There will come to a point in a homeowner’s life where daunting home improvement is almost always needed, especially in a decade-old house. For a handyman (or woman), the sound of it excites him. Otherwise, the entire idea could haunt him in his sleep.
Then homeowners can put home improvement costs into the mix which will leave them to ask: Do I really need a home improvement right now?
For aesthetic and safety reasons, home improvement shouldn’t be overlooked. In fact, it can save you a lot on your utility bills in the long run. Of course, home improvement doesn’t come cheap too.
It can cost around $25,000 to $45,000 for low-end renovations and over $75,000 for high-end renovations. From kitchen and bathroom updates, new painting to replacement windows, labor costs, and electrical installations, you could be breaking the bank!
But don’t fret. You can do it without spending your entire life’s savings. Here are seven ways you can cut down on home improvement costs.
1. Don’t do everything on impulse.
Planning is crucial before starting home renovations. First and foremost, you need to save money or at least check if you have enough in the bank for home improvement fruition. This is to avoid getting stuck along the way. You wouldn’t want your plumbers to stop redoing your bathroom plumbing because you can no longer buy the necessary materials, would you?
Try to get an almost accurate ballpark figure of the entire renovation cost. Then see if your paycheck can cover it. If not, divide the expenses into how many months until you can save up for it. Put it in a separate bank account designated for your home improvement so as not to use the money for some ad-hoc needs.
2. Consider long-term savings.
As with the price of commodities, utility bills are also spiking up faster than a homeowner can handle. If your home still has the energy-hungry appliances and fixtures, it’s high time you replace them with energy-saving alternatives.
For instance, low-flow toilets are gaining popularity because they only use 4.8 liters of water per flush as opposed to 6 liters or more. LED light bulbs are also more efficient and durable with at least 10,000 hours of usage.
Appliances with energy-saving features can also offer you more benefits in the long run. Solar panels will even cut down your electric bills to zero. However, you would need to shell out a huge chunk of money for the installation. Nonetheless, there are several options you can choose from to reap from long-term benefits and savings.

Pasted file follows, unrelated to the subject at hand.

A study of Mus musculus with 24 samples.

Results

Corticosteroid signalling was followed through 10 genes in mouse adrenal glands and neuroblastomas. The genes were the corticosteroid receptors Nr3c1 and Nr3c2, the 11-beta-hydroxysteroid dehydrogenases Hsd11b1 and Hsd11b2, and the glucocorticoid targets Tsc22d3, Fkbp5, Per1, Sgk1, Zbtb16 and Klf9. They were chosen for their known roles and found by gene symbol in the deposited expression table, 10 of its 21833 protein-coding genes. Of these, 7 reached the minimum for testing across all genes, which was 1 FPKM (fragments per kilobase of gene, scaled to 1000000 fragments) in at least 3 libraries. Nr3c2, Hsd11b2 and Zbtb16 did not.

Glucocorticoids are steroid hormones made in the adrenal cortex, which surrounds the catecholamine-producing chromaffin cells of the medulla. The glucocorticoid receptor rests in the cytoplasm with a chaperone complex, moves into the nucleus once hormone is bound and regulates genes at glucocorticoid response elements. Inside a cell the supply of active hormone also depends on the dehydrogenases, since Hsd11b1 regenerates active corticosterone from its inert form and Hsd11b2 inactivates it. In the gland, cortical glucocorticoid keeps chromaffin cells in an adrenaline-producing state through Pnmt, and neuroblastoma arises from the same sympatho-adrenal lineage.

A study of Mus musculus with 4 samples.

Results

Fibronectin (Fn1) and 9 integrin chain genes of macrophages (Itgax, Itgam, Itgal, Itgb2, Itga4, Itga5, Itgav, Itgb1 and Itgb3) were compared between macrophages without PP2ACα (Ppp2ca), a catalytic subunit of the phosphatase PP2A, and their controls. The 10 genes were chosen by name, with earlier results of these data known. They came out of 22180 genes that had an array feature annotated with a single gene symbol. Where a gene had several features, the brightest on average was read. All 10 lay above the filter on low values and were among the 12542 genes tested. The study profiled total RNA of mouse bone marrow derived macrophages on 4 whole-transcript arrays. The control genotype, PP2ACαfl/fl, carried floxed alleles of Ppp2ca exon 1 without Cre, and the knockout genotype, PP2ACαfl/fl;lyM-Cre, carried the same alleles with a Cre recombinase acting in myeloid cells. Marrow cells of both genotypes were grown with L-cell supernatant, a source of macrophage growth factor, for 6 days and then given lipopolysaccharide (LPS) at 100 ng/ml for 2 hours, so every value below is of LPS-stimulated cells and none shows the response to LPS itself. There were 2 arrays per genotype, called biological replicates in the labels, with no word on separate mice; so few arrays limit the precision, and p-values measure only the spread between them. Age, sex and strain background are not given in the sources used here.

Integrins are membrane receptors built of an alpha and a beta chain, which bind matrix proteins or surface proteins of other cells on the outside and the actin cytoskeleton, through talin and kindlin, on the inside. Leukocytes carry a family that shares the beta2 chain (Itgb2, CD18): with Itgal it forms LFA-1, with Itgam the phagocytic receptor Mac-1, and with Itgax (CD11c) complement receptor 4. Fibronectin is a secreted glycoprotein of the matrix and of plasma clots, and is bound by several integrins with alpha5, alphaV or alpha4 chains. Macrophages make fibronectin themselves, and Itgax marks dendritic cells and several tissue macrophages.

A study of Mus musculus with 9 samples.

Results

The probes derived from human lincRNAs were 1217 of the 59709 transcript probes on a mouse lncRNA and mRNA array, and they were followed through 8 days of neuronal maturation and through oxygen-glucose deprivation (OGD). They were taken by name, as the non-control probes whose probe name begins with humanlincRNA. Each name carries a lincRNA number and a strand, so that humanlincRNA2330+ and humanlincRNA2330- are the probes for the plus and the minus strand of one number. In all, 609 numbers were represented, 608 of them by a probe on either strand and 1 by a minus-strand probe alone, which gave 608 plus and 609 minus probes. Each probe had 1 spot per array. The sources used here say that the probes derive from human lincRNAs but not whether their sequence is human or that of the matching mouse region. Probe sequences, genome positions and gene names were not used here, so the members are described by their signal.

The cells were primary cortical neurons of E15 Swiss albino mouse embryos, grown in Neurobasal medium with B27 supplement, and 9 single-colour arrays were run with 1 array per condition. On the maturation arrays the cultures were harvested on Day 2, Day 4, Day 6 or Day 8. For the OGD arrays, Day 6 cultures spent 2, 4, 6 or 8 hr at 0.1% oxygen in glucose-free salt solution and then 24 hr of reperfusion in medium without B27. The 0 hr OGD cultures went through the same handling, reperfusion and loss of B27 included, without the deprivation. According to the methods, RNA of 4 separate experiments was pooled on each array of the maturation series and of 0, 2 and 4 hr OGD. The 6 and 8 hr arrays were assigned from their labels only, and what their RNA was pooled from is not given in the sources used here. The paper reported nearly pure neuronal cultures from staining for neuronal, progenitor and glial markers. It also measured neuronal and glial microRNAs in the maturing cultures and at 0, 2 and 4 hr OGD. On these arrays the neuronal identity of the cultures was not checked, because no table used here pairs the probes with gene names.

3. Reupholster, refurbish, reface, and reuse.
Home renovations don’t necessarily mean throwing out everything and replacing them with new materials or furniture. Some of these old materials are still good enough for comfortable and safe living. Refurbish your furniture to make it look shiny again.
In terms of kitchen cabinets, you can always reface them since replacements are more expensive. And are the exquisite loveseat and living room couch too expensive in the local appliance store? Well, thank God for upholstery! Reupholster the old sofas to give them a new look.
4. Opt for cheaper, sturdy materials.
We know how you want that elegant and stunning stone or granite countertop in the kitchen. Not only are they pricey with some costing around $40 to $60 per square meter, but they’re also very susceptible to scratches. If your budget can’t afford it, then don’t sweat it. Laminate countertops are an inexpensive alternative which are very low maintenance too.
5. Thrift shops are friends, not enemies.
Who says cheap has to be unreliable? Most thrift shops have second-hand furniture or materials that are actually of good quality. Similar to the automobile retail industry, when old car models can no longer find a specific car part because it’s outdated, they turn to car surplus shops and find treasure there.
That said, check garage sales or nearby thrift shops in your area and find the treasure you’re looking for. Also, try to mix and match your materials. You can combine both low-end and high-end materials, furniture, and appliances to make home improvement more cost-efficient.
6. If it ain’t broke, don’t fix it.
Sometimes the thought of home improvement can get the better of us that we try to fix everything even if they’re still in tiptop condition. So a good rule of thumb you must remember at all times: If it ain’t broke, don’t fix it!
7. Be a do-it-yourselfer.
DIY tasks can be physically demanding, but they’re also very satisfying once you see the results. Plus, you will most definitely save a lot on labor costs. For instance, exterior and interior painting are one of the easiest home improvement tasks. I’m a woman, and I did it a couple of times! So why not pick up that roller instead of hiring an expensive team of painters?
Home improvement can be fun if you know you’re well within your budget and your capacity for making things work. Just take everything slow, don’t sweat the small stuff, and enjoy the process.